Carers Week 2023: My Sister
5 to 11 June marks Carers Week, an annual campaign to raise awareness of carers and the contributions they make to families and communities, as well as highlighting some of the challenges unpaid carers face.
This week, Darren takes to the blog to share his experience of caring for his sister, and the importance of support and flexibility to ensure the health and wellbeing of carers.
Hi, I’m Darren, Chief Digital, Data, and Technology Officer here at the NHS Business Services Authority (NHSBSA), I am a dad to two children Freddie (9) and Poppy (7), and I’m also the main caregiver to my sister Deborah (56).
The journey of caring for my sister Deborah really began six years ago when my mother passed away. Until then between them, my mum and dad had been the main carers for my sister and whilst I had ‘helped out’ with some things, it’s fair to say I hadn’t fully appreciated all of what they had done. With my father aging and requiring an increasing level of care himself, I became the main carer for my sister.
Deborah was born with profound learning disabilities and has developed severe muscle deterioration in her lower limbs which has significantly deteriorated over the past 5 years severely restricting mobility and balance, resulting in a need for constant care and support. Lots of the tasks which many of us are able to do without much thought and take for granted each day are not possible for Deborah without support, such as a shower or bath or making a sandwich or cup of tea. Mobility is restricted to furniture walking or with assistance.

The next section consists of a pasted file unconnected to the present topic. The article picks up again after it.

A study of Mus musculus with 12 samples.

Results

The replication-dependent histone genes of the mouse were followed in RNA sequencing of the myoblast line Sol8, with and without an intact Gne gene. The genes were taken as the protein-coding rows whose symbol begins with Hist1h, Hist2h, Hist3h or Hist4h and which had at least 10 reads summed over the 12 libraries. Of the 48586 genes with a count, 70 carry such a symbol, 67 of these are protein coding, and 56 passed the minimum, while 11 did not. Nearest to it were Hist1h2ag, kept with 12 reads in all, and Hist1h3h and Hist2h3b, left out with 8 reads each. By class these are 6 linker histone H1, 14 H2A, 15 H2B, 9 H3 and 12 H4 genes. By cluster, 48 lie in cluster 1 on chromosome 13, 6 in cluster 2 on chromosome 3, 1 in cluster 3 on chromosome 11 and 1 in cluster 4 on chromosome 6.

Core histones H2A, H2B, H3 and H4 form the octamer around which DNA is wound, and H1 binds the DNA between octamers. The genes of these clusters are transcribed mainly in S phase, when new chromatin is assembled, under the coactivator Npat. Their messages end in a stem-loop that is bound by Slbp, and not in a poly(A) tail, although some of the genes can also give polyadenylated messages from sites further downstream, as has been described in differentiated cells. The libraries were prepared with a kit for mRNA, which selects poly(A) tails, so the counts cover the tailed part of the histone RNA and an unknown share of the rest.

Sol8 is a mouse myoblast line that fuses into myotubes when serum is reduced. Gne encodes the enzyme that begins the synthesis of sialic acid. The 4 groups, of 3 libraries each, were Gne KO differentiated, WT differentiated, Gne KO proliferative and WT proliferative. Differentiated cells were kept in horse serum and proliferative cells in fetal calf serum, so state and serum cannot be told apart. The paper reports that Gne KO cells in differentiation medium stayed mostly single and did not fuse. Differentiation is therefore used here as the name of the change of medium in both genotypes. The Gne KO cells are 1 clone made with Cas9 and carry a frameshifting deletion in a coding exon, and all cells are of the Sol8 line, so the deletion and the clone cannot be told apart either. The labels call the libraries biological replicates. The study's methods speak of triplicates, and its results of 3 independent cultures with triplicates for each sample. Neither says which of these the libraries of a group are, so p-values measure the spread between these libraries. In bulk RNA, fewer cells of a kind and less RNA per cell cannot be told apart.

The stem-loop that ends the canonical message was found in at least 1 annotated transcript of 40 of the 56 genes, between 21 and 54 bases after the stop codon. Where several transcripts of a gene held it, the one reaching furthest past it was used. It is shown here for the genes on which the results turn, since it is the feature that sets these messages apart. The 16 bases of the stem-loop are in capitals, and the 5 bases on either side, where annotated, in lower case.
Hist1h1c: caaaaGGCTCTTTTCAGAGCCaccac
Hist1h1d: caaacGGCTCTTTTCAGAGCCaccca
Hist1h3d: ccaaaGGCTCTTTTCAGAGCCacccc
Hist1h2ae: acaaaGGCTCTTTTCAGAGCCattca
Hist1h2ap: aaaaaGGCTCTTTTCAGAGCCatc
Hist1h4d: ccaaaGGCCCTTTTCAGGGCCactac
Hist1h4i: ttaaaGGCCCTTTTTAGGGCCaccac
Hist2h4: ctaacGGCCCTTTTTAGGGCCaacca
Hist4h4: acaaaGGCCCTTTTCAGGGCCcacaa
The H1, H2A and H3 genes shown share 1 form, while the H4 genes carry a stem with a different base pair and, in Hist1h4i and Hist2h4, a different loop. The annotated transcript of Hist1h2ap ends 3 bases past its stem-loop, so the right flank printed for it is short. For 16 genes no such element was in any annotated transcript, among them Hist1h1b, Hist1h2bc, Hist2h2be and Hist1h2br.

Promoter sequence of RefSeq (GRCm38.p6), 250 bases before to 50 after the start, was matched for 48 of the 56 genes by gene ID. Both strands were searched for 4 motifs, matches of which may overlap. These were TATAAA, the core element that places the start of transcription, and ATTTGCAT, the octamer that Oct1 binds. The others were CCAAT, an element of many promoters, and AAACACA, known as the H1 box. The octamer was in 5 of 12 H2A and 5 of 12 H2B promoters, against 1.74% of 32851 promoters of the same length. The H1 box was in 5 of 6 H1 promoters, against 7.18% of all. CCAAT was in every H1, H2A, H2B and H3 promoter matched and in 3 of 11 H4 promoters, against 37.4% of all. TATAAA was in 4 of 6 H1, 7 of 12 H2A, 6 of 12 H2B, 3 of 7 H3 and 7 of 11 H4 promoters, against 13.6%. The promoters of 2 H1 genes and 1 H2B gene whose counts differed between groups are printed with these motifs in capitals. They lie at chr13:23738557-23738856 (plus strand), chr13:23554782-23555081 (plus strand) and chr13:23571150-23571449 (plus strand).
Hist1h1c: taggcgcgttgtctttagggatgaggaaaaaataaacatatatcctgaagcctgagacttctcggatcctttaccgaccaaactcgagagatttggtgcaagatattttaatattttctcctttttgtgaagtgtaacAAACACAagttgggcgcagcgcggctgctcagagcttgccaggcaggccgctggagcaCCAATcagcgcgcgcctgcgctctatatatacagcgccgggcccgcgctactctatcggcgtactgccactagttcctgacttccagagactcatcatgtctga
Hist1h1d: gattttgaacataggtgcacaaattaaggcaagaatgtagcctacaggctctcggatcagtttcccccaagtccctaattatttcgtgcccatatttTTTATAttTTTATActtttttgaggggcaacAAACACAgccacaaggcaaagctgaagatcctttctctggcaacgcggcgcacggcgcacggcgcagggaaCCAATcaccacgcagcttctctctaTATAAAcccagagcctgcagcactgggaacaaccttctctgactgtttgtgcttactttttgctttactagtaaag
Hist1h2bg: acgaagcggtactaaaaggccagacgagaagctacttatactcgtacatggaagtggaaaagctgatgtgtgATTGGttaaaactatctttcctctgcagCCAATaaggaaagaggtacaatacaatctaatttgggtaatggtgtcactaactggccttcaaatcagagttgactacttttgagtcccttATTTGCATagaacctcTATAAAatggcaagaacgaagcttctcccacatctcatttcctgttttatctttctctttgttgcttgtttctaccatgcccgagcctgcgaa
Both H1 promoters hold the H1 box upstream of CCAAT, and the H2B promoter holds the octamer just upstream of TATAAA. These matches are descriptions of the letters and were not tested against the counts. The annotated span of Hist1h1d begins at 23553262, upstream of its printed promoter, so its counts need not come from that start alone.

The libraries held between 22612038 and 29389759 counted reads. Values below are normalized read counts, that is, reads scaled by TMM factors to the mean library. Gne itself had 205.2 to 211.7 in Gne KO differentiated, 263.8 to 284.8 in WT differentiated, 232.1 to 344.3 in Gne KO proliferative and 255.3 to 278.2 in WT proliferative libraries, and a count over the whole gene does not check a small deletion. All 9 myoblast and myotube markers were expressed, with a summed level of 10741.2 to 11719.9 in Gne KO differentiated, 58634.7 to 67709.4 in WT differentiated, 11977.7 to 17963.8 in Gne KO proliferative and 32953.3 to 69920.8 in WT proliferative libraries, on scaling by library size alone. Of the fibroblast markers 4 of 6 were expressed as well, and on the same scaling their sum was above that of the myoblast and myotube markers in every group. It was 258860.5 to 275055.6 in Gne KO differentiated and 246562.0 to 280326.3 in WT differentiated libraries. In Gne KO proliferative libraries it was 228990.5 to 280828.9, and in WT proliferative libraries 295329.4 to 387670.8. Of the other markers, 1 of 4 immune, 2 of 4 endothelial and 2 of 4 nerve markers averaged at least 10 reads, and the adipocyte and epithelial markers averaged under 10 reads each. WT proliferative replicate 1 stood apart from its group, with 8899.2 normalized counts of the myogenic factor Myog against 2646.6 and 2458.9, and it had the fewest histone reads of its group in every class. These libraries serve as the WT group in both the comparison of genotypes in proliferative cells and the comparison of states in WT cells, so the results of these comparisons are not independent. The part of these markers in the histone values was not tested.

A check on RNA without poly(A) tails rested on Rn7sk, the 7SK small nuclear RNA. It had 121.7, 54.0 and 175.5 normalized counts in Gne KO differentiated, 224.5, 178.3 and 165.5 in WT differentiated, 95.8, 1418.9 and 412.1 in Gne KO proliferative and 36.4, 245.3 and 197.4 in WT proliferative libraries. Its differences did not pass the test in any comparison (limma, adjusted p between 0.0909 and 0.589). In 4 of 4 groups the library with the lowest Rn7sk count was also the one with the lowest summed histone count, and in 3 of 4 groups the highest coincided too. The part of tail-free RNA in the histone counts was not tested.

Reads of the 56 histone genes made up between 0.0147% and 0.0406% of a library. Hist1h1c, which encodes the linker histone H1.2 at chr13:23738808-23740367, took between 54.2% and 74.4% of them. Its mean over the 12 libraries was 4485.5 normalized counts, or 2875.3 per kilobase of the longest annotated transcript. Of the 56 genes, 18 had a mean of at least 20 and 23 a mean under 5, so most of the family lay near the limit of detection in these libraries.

At first, it was a huge adjustment for me to take on this new responsibility which I had not prepared myself for both mentally and practically.
From a practical perspective, balancing existing home commitments along with work commitments is a challenge for anyone and when adding in the responsibilities which come with caring for someone, it takes a lot of planning and trying to establish new routines. It’s not just me who is a carer for Deborah, but also my partner Julie, as many of the commitments have either meant that as a family, we have not been able to do things and Julie has taken on a lot of additional responsibilities, a wider family impact often overlooked.
One of the biggest challenges I faced has been finding the right balance between work, family life and caregiving, and the unplanned adjustments required for example due to Deborah falling or a cancellation from a carer. I am lucky to have a supportive workplace that enables flexibility, and the ability to adapt to the short notice demands which can be experienced when caring for someone; the first few months of establishing new routines and adjustments to existing routines were critical for me. Having flexibility with work during this time was invaluable. That however doesn’t take away from the self-imposed pressure that I and many other carers put on ourselves, feeling guilty when having to take a call in a meeting, or having to re-arrange a scheduled commitment.
The other element I wasn’t prepared for was the mental aspects of caring for Deborah. My sister is 15 years older than me and as such we weren’t particularly close when growing up. So, as an adult having to build a very different relationship and one in times of high levels of vulnerability and also frustration and difficulty were very challenging for both of us. Again support from various networks in this was invaluable, learning from others who have been caring, and knowing that lots of what I was experiencing were similar or relatable was a huge reassurance.
I am very lucky to have good support from others in providing care for Deborah, including my father and also from external support such as ‘Shared Lives’ which is a scheme supported by Local Authorities.
Caring for a loved one can be challenging, but it’s also one of the most rewarding experiences a person can have. It’s important to remember that there is support and help available and that self-care is essential. Having a network and knowing where you can get support when things are challenging is vital.